Listening to NPR on the commute this AM was startled when a typical puff piece interview with William Shatner turned to the subject of Incubus, a film produced in the year of my birth by store regular Tony Taylor- we have a signed picture of Tony & Shatner on the Incubus set hanging behind the register. He was a fascinating guy who met a tragic, lingering end from runaway skin cancer which he attributed to too much of the Malibu high life during his Hollywood days.
Medical bills eventually forced him to liquidate his possessions, including an impressive collection of Beat literature & memorabilia which is where we came in. It was the real deal, the sort of stuff you normally don't see outside auction houses or high end trade shows. The internet wasn't around back then and he wasn't interested in auctioning it off for some reason, so that's where we came in. We bought a few things, we acted as intermediaries in selling the more expensive items to interested collectors or bigger dealers, and generally tried to do right by Tony.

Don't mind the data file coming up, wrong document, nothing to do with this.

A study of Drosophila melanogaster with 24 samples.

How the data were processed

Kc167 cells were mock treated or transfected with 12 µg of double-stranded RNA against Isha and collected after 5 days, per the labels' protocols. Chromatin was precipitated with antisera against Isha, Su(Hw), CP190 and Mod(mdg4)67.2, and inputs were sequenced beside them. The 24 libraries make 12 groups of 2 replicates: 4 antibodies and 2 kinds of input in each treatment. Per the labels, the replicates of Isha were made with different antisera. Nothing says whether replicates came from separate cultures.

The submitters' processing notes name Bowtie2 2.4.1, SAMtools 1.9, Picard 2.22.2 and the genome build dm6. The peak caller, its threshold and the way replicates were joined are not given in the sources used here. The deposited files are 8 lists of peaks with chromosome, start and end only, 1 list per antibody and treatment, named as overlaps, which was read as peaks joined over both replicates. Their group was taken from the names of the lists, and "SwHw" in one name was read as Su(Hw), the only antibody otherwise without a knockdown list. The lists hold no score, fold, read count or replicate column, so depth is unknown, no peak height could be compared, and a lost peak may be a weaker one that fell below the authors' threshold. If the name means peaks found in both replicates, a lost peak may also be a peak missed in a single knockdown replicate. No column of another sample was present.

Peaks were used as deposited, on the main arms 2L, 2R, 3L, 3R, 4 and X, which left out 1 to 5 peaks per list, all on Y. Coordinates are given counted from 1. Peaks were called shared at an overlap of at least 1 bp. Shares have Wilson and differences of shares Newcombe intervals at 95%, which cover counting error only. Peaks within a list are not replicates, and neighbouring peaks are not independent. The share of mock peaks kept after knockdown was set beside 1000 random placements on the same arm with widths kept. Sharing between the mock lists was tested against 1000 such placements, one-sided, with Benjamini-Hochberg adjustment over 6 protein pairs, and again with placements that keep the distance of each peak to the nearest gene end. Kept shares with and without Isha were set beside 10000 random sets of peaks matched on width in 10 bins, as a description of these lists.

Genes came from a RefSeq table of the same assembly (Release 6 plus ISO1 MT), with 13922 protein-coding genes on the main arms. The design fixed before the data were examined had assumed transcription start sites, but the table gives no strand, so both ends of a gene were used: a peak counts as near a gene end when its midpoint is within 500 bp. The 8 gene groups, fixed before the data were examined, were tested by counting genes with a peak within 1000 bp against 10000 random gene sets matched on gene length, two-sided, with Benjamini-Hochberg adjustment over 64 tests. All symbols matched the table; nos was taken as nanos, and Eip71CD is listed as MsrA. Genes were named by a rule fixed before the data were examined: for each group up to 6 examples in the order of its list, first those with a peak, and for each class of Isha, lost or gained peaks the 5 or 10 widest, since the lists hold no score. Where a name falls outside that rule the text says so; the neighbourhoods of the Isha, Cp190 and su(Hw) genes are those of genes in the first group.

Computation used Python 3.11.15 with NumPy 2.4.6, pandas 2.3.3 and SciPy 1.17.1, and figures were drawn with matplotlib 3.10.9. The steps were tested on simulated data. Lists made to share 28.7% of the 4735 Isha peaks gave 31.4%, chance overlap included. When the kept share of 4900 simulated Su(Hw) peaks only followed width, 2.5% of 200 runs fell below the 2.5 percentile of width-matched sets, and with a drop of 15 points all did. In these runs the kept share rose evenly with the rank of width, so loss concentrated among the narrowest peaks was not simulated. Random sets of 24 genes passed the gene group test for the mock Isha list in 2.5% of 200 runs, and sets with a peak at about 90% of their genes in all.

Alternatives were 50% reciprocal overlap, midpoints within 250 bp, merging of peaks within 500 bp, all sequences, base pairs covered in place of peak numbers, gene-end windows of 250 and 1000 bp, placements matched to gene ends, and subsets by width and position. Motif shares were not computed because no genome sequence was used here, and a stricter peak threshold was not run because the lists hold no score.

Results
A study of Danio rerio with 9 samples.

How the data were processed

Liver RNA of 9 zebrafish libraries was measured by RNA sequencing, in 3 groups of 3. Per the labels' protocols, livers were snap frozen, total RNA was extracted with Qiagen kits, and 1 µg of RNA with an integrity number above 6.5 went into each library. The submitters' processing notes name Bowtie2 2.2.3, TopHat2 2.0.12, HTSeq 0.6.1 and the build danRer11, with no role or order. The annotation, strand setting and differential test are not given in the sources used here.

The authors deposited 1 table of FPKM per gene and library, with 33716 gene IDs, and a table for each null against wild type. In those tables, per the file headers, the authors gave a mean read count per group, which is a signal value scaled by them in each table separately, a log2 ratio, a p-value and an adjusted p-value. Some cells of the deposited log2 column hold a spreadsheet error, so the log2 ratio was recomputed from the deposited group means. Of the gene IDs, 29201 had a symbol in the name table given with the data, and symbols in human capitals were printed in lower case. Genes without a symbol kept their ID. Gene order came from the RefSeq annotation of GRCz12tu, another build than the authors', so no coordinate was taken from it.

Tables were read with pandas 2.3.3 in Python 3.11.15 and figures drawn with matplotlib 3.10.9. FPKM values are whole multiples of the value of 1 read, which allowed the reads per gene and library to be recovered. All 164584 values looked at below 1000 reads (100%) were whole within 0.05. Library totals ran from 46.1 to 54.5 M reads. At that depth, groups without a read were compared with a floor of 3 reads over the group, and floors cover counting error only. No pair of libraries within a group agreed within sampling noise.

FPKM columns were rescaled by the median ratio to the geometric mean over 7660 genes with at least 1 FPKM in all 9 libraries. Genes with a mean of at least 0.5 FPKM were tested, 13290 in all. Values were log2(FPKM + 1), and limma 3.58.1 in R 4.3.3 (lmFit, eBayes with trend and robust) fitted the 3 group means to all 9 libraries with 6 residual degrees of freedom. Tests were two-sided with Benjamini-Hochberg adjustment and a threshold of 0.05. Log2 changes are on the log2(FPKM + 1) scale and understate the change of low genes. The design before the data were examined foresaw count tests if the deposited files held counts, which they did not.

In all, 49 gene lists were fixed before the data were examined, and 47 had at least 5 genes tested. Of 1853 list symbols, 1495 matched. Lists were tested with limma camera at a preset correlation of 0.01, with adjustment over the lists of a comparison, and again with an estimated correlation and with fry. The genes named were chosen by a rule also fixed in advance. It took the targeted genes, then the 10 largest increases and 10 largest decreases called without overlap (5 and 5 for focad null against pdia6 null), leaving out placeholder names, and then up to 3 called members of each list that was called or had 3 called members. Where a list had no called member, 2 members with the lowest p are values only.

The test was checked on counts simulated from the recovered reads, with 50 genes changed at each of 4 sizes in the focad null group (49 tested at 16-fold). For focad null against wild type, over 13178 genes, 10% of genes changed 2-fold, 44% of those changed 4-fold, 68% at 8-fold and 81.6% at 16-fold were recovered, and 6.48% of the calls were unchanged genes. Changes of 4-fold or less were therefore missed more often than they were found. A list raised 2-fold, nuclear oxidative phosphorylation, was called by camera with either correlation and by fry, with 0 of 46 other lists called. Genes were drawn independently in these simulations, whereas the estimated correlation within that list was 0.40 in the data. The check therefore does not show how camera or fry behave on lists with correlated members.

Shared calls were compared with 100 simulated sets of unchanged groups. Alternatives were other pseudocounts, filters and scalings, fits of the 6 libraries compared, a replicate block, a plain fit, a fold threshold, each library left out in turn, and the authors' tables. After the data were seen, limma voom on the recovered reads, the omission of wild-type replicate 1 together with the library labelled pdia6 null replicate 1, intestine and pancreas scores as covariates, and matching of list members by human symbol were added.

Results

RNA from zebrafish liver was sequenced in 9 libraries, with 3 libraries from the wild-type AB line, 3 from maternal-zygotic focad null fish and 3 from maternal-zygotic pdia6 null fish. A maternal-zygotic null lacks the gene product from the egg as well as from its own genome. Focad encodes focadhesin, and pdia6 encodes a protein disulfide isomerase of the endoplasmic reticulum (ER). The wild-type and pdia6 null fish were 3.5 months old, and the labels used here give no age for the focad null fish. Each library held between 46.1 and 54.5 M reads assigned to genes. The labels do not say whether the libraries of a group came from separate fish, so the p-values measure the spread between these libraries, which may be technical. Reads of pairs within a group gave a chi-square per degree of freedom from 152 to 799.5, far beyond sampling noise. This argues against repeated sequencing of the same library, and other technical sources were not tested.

His doctor was local so he was a regular visitor over the years. His health gradually failed him, but his spirits never flagged as far as I could tell. I always looked forward to the next installment of the Incubus saga. The rights to the film were his one remaining asset, and he pursued a restoration through a profoundly convoluted series of events that would themselves make a fine film.
The original print had been destroyed in a fire, but someone discovered a copy of the film in the archives of the Cinémathèque Française and got word to Tony. By that point he hadn't a dime to his name and had to hustle up a restoration & DVD release out of thin air.
Which, demonstrating the sort of relentless resourcefulness I'd expect of a film producer, he eventually did.
Anyway, it was strange and mildly aggravating to hear this artistic artifact Tony had worked so assiduously and relentlessly to recover from the gaping black maw of history made the butt of a casual joke. It is literally all that's left of the man, the mark he made on the culture, however odd and faint.
From my perspective it deserves better than a cozy 'ha ha' between a smarmy host & puffed up star.